From Tallow to Dream in New Madrid

St. Johns Bayou

Elders from New Madrid County, Missouri, will tell you that 240 years ago there was plenty of game in the area. Deer, coyotes and foxes roamed the territory in abondance. No one went hungry.

Around 1780 François and Joseph Lesieur, born in Yamachiche, Quebec, arrived at St. Johns Bayou to establish a trading post among the Shawnees. They named the place “Greasy Bend” because on the river edge and the ascending hill towards the interior , the Lesieur brothers spotted pieces of animal fat scattered here and there on the ground. The culprits seemed to decimate the area’s wildlife, not to feed their families but to harvest the precious fatty substance called “tallow”. While the meat was left to rot, the tallow was used for the softening and waterproofing of fur skins.

Fort Céleste and New Madrid

David Rumsey Historical Map

Many French settlers inhabited Greasy Bend, then called “Anse à la Graisse”, in the spring of 1789, when George Morgan, a hero of the War of Independence, arrived with a dream and proposed to the Spanish administration of Louisiana a huge real estate development plan on 15 millions of acres. This impressive urban project was named New Madrid after the capital of Spain. However, it had to be scrapped because it did not receive the approval of Governor Esteban Miró. In the fall of that year, at the request of the governor, Lieutenant Pierre Forcher and some thirty soldiers erected Fort Céleste on the Mississippi’s West Bank.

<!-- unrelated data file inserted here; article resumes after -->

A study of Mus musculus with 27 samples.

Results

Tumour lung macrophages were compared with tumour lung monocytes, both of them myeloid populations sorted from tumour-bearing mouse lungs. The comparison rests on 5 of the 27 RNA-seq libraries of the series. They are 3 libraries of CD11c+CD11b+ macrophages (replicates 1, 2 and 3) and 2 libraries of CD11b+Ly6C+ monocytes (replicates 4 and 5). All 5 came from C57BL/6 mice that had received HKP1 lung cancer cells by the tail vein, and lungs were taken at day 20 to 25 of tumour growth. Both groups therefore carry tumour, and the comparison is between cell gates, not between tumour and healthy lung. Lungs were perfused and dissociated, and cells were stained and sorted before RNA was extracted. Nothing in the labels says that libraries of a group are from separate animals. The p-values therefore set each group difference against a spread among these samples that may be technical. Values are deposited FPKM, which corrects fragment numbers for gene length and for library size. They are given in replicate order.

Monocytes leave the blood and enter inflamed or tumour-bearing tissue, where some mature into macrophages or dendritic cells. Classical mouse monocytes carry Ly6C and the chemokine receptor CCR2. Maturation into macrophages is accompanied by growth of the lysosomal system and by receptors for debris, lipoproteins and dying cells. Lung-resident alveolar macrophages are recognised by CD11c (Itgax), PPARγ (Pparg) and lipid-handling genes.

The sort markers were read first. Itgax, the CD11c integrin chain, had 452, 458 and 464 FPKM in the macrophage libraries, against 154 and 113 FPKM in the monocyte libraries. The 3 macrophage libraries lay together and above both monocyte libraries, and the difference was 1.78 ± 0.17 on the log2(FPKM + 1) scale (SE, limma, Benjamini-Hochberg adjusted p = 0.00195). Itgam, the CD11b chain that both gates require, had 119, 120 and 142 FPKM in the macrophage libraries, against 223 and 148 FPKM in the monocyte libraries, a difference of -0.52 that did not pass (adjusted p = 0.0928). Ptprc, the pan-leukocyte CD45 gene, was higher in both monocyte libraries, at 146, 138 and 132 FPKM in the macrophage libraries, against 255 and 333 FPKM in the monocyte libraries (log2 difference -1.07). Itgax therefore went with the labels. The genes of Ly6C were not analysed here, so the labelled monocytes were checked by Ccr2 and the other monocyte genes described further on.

Seven years after the construction of Fort Céleste, named after the wife of Governor Miró, the waters of the Mississippi had already begun to eat away at the palisades, as can be seen from the map below. Today, old New Madrid is completely flooded. Like many municipalities in Quebec, several streets in present-day New Madrid bear the name of a saint, such as St. Catherine Street.

The American Queen in New Madrid (photo Rock Ends)

François and Joseph Lesieur were descendants of Charles Lesieur, born in Ozeville, Normandy, who arrived in New France around 1670. In 1671, he married Françoise de Lafond, niece of Pierre Boucher, governor of the Trois-Rivières territory in Canada. She was thirteen years old. Charles became a wealthy landowner and a tax lawyer, nicknamed “Lapierre”. Nine children were born of their union. The couple settled in Batiscan, named after an Algonquin chief living in the Trois-Rivières territory between the cities of Montreal and Quebec.